By Tony Attwood
For years and years we have been claiming that there is a problem with refereeing in the Premier League, arguing that because of this no Premier League referee should oversee matches involving an individual club more than twice in the season.
Of course, it would be better if there were not a refereeing problem at all, but given that no one wanted even to admit what the statistics show (which is a propensity for some referees to oversee home wins, while others seem to officiate primarily at away wins) all we could do was to draw the attention of those willing to look, to the problem.
The situation was made worse by the fact that there was a general agreement by clubs, presumably imposed on clubs by the refereeing body the PGMO, that this was a situation that could not be mentioned by them beyond the confines of their own internal meetings.
But the evidence of dubious goings-on was there in terms of the ratio of tackles, fouls and yellow cards which varied so dramatically between clubs, and then the penalty scandal (still never mentioned). Only once we published the data did the issues start to decline.
Now however barricades if not coming down, have been breached, and we have statements in the media such as Wolves relegation battle in danger of being determined by poor refereeing which appeared in the Telegraph.
Interestingly this sudden change of tack comes just at the time when the media is realising that endlessly backing Fifa and Uefa in all it says and does, is not a good idea either, so we have headlines such as also appearing (that one in the Guardian).
But back with referees, Sean Ingle’s piece argues that “If points were awarded retrospectively for poor refereeing decisions, Wolves would be well clear of the relegation zone. Lopetegui was only appointed in November but says he could write a book on the controversies he has endured so far.”
That is an interesting point although it is somewhat undermined by the comment thereafter which says that, “The wider issue is that the PGMO are being continually let down by their officials. While there remain concerns over the efficacy of Var, refereeing standards in the Premier League and below are regularly causing problems.”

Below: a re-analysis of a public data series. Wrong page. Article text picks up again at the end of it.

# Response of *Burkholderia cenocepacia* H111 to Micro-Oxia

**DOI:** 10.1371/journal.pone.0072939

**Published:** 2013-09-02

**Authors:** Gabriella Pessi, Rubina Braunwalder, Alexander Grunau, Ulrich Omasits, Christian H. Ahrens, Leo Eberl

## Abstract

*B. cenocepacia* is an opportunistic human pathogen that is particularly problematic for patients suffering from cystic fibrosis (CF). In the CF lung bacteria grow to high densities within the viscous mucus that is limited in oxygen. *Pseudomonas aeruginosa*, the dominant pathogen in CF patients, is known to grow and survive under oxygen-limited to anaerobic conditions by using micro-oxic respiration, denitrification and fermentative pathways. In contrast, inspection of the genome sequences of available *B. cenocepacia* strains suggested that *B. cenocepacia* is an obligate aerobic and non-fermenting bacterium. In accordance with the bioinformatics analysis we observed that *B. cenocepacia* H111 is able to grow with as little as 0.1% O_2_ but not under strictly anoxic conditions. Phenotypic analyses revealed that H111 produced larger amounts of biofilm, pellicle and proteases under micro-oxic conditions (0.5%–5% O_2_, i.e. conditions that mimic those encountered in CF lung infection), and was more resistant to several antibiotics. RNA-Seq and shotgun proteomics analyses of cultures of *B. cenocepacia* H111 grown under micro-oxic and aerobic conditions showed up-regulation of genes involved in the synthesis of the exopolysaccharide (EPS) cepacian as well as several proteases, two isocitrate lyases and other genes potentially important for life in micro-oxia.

And I say “undermined” for the simple reason that PGMO is its officials. It is the organisation which employs and is run by professional referees and imposes rules on them – such as the rule of no engagement with the media.
That unfortunate twisting of reality by the paper, either at the behest of PGMO or through slipshod reporting, led to the extraordinary comment that, “Supporters across the country are spending too much time analysing referees and officials after matches. They are often becoming the story more than the players. Bile poured from the stands at Molineux after the final whistle as Salisbury and his staff walked off the field.”
“Too much time”??? By whose reckoning? Ah – the newspapers that bent the knee to PGMO and refused to comment on consistent oddities in refereeing behaviour.
Supporters analyse referees and their decisions because the media refuses to do so. Our master work 160 games analysed was published in 2017 – and there has never been another piece of work like it. But the media has refused to recognise it, and equally refused to undertake their own study in the same depth.
But now suddenly criticism of referees is allowed, although mostly the argument is against VAR And not the referees themselves. ESPN did a significant piece for example on the failings of VAR which included the note that “rules were broken elsewhere with VAR not intervening to chalk off Bournemouth’s opening goal [against Arsenal], despite replays showing several players standing in Arsenal’s half when the visitors kicked-off.”
As for why, Football365 noted in a story from September last year that, “At some point football decided it was too important to be flawed and that’s unlikely to change any time soon”. Which is almost right – although actually what happened was that journalists finally realised that their credibility was being destroyed by never mentioning referees.
But talk of referees getting things very very wrong goes back a long way and once we started to bring in video evidence (long before VAR did the job for us) it was quite clear just how far away from what supporters actually experience football journalism had got.
Thus football didn’t decide that it was too important to be flawed. Instead, football journalism woke up to the fact that the world that they portray is not the world that the fans experience. Now the inadequacies of football journalism caused primarily by an unwillingness to question what was going on are slowly being unpicked although the inadequacies of past reporting will always remain a black stain on journalism in England, and the football journalists’ reputation is almost certainly tarnished forever.